At Mammoth, a five-star idea for seeing the area on two wheels
In Mammoth Lakes, it’s all downhill for me now, and that’s a good thing.
No, I’m not talking about the skiing. Nor am I referring to the town itself, which appears to be doing fine despite the economic slowdown. Or even Mammoth Mountain’s extensive bike park, which lets you swap your skis or snowboard for a mountain bike and get your kicks all summer long.
As a frequent visitor to Mammoth, both winter and summer, I’ve never found myself at a loss for things to do. But when it comes to cycling, this middle-aged rider has been wishing lately for something a bit, say, tamer.
My Lance Armstrong days are behind me. Longer rides on nearby roads have lost their appeal, not to mention the ever-present danger from cars.
And Mammoth Mountain’s bike park? Well, let’s just say that although I envy the Red Bull-fueled youngsters there, discretion has become the better part of valor. Arthritis will do that to you.
So a recent trip brought a welcome discovery: the Lake Mary bike path, a work in progress that is a nice addition to the area’s extensive cycling network.
The paved path (it’s for walkers too) offers two options. Those fit enough can start in town and ride or walk up; except for a still-under-construction link at the foot of Twin Lakes, you can ride all the way to Horseshoe Lake.
Not really interested in torching your thighs and gasping for air for miles? Then put your bike on the free tram in town, ride up to Horseshoe -- or stops in between -- and cycle back.
Or just drive up, park at one of the lakes and ride through the forest for a mile or so. It’s cool, scenic and safe -- no cars to dodge.
And this time of year, with the leaves turning, you can combine a bike ride with several tame hikes in the area.
For example, from Lake George you can take the half-mile trail to Barrett and then TJ lakes. Even if the campground at Lake George is packed, a 20-minute hike will take you a world away. Sharp granite walls line the smooth, reflecting lake, and there are wide swaths of snow in the mountains above.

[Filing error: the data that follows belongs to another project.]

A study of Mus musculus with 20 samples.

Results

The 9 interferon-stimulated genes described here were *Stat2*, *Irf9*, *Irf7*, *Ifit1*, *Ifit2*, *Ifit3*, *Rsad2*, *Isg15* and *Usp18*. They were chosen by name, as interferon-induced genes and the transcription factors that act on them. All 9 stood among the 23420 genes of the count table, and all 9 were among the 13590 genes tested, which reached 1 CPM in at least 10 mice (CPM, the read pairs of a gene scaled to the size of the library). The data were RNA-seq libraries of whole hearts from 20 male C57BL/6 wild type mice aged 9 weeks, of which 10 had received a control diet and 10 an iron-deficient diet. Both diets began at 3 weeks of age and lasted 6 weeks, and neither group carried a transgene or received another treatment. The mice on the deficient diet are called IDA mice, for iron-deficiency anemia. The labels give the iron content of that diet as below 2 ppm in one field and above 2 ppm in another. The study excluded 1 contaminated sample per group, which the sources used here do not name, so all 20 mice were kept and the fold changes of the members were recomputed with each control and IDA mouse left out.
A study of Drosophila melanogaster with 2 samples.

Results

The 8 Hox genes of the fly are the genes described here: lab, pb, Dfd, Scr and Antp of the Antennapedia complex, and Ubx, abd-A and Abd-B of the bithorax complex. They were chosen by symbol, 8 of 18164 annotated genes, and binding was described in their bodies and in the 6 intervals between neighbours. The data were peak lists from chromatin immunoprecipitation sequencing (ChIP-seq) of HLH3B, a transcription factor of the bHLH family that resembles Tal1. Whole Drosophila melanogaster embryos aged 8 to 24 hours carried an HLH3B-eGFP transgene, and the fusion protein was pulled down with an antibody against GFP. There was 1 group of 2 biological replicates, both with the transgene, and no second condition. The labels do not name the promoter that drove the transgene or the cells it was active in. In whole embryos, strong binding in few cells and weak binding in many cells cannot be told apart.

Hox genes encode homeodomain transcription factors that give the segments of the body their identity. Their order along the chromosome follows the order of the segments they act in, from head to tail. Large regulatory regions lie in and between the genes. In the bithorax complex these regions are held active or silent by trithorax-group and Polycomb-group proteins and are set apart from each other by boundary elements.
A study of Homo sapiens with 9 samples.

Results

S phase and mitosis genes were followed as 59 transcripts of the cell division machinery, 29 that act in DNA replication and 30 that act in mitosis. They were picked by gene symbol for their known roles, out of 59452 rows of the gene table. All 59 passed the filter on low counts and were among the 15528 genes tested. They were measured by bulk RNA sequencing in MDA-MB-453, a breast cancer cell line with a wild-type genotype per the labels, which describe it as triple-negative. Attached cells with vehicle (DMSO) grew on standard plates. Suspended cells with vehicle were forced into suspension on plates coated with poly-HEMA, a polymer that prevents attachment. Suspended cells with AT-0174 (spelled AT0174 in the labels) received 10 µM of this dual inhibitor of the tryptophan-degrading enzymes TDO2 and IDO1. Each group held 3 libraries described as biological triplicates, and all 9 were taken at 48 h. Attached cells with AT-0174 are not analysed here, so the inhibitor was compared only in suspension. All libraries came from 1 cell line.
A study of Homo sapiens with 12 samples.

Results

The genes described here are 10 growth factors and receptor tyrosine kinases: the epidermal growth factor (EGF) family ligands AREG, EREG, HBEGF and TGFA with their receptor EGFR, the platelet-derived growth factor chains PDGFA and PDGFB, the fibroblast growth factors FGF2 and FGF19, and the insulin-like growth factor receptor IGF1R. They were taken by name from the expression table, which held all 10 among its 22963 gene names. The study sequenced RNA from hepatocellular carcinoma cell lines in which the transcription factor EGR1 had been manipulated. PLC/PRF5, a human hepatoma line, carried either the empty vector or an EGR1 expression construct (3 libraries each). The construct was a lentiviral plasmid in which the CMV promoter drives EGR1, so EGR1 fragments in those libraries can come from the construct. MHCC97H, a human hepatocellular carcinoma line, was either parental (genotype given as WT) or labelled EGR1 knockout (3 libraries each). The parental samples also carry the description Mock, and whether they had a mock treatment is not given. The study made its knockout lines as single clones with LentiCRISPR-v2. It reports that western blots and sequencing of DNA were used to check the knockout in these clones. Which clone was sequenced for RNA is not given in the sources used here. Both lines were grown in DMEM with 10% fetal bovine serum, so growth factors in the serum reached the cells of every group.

If you’re up for a little more, try the slightly longer Sky Meadows trail. It originates in Coldwater Campground, near Lake Mary.
If you like to fish, don’t forget your gear: Once you happen upon Emerald Lake, you’ll want to stop. It lives up to its name, and its clear green waters are teeming with trout.
If fishing isn’t your thing or if your arms are tired from reeling them in, continue along the stream to Sky Meadows. In the middle of the day, it’s an inviting stop for a picnic -- although, as always in Mammoth, bug spray is a must if you don’t want to become a picnic.
Tired of the view from the lakes basin? Then try the Sherwin Lakes trail.
You reach the trail head by taking Old Mammoth Road to Sherwin Creek Road. It’s about a one-hour hike, but the trail takes you through several ecosystems, and the views of Mammoth, the Owens River and beyond are increasingly spectacular as you climb.
Once again, there’s good off-the-beaten-path fishing at the end, or just picnicking and sightseeing.
Best of all, this time of year – between summer crowds and before the snow flies for real – Mammoth is the sleepy town it once was.